GOP's uncomfortable Trump defense
Republicans' playbook for defending Donald Trump is likely to face its biggest test in the coming weeks, as special counsel Jack Smith appears set to indict the former president for his efforts to overturn the 2020 election.
Why it matters: Jan. 6 is a proven political albatross for Republicans. Trump's refusal to accept the election results has allowed Democrats to paint the GOP as extremist and anti-democratic — a message that resonated in the midterms as Trump-backed election deniers were defeated across the board.
Driving the news: The GOP lawmakers who rushed to defend Trump today did not seek to rationalize his widely condemned behavior in the period after the 2020 election — instead painting him as the victim of political persecution.
- Polls suggest that playbook was effective after Manhattan DA Alvin Bragg, a Democrat, indicted Trump on years-old allegations of illegal hush money payments.
- But fewer Americans were convinced of a partisan "witch hunt" after Smith, a veteran federal prosecutor, charged Trump with mishandling classified documents.
What to watch: Convincing the public to ignore charges over Jan. 6 — a violent scene many Americans watched on national television — could prove to be an immense challenge, given that GOP leaders blamed Trump at the time for creating the conditions for the Capitol attack.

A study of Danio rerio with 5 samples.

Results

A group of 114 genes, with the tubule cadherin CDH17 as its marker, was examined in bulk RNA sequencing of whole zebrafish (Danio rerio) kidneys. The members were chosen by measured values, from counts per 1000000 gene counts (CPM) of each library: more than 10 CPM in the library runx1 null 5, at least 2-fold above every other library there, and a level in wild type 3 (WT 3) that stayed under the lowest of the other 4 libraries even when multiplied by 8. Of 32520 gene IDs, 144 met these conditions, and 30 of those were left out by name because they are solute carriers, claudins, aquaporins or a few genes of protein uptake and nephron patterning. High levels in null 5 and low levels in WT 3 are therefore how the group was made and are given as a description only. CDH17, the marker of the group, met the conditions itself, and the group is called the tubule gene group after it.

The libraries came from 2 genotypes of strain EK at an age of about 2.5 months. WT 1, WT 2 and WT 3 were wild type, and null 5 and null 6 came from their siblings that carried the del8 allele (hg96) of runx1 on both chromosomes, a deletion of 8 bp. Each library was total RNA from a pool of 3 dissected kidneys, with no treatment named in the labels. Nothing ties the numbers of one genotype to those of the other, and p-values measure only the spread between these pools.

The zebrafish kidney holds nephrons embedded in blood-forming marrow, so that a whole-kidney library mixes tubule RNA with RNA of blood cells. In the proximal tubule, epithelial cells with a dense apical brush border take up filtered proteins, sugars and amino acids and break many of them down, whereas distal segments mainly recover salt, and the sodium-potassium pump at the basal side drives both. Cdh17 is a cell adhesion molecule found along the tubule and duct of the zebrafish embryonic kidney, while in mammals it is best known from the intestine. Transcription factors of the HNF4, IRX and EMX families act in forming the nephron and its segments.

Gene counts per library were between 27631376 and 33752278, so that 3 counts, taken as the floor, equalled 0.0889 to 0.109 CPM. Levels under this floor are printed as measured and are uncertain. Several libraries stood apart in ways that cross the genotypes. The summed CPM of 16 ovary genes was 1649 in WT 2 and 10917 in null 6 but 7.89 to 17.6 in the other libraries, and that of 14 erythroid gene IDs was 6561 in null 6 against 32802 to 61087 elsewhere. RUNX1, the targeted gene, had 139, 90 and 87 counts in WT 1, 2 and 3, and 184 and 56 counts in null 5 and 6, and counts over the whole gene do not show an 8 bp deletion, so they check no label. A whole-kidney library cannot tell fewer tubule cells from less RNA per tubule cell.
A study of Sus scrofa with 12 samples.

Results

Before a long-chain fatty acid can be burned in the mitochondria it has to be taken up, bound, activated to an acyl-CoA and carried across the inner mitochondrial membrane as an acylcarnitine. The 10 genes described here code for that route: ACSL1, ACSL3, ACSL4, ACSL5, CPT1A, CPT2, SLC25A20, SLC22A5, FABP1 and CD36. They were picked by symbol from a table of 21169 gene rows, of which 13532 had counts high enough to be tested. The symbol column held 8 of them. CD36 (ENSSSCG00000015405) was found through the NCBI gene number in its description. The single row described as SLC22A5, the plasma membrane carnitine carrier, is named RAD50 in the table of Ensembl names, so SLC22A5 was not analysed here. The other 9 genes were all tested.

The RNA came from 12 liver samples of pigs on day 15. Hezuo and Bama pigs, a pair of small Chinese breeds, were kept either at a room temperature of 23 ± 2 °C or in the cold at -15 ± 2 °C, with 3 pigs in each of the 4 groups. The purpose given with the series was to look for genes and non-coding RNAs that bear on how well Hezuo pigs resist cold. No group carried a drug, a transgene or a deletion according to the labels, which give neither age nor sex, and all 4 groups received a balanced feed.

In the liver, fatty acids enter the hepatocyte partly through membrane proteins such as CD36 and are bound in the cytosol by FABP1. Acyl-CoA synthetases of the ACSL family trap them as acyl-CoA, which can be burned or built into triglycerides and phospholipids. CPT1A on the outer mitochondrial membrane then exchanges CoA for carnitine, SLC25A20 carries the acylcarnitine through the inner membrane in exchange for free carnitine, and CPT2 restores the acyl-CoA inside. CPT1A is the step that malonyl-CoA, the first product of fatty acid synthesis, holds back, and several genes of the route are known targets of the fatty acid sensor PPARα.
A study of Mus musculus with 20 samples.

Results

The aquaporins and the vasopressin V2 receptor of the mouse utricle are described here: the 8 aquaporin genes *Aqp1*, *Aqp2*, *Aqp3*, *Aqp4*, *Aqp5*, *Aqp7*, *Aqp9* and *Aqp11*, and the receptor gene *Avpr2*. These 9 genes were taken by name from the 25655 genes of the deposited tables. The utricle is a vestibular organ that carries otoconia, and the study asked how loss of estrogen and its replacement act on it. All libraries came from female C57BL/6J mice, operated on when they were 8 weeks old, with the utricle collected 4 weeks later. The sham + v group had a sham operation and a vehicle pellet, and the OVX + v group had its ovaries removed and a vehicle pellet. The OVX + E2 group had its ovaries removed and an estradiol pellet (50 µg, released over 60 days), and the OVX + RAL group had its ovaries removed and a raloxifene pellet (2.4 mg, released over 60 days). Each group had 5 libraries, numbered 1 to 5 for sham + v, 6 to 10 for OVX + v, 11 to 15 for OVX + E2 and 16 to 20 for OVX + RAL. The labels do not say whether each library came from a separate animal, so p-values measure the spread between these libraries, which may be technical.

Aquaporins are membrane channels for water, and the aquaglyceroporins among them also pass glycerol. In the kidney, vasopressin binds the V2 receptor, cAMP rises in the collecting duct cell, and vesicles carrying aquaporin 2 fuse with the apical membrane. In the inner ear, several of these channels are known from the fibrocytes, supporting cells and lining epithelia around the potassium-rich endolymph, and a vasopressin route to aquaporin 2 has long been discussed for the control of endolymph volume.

- After Jan. 6, House Speaker Kevin McCarthy (R-Calif.) publicly said Trump "bears responsibility" for the mob's attack — and privately weighed pushing the then-president to resign.
- On Tuesday, McCarthy tweeted: "President Trump just increased his lead in the polls. So what does the Biden Administration do next? Weaponize government to go after President Biden’s number one opponent."
Between the lines: What remains unclear — and seemingly irrelevant to the Republicans preemptively defending Trump — is what criminal charges Smith is expected to present to the grand jury.
- Known elements of the sweeping inquiry include the assembly of fake pro-Trump electors, the Trump team's fundraising based on false claims of voter fraud and Trump's actions on the day of Jan. 6.
- Smith's interviews with dozens of key witnesses — including top aides such as Jared Kushner and election officials from seven battleground states — could yield evidence never uncovered by the House Jan. 6 committee.
The big picture: As soon as next month, Trump could be facing four indictments in four different jurisdictions — with a grand jury now meeting in Georgia to weigh charges for his efforts to overturn the state's election.
- Trump's legal troubles are unprecedented in U.S. history — and yet the overwhelming consensus is that the indictments will only help him secure the GOP nomination.
- One key dynamic many Republicans are dreading: A Jan. 6 indictment all but guarantees Trump's false election claims — both in court and in his public rhetoric — remain at the center of the national debate throughout the 2024 campaign.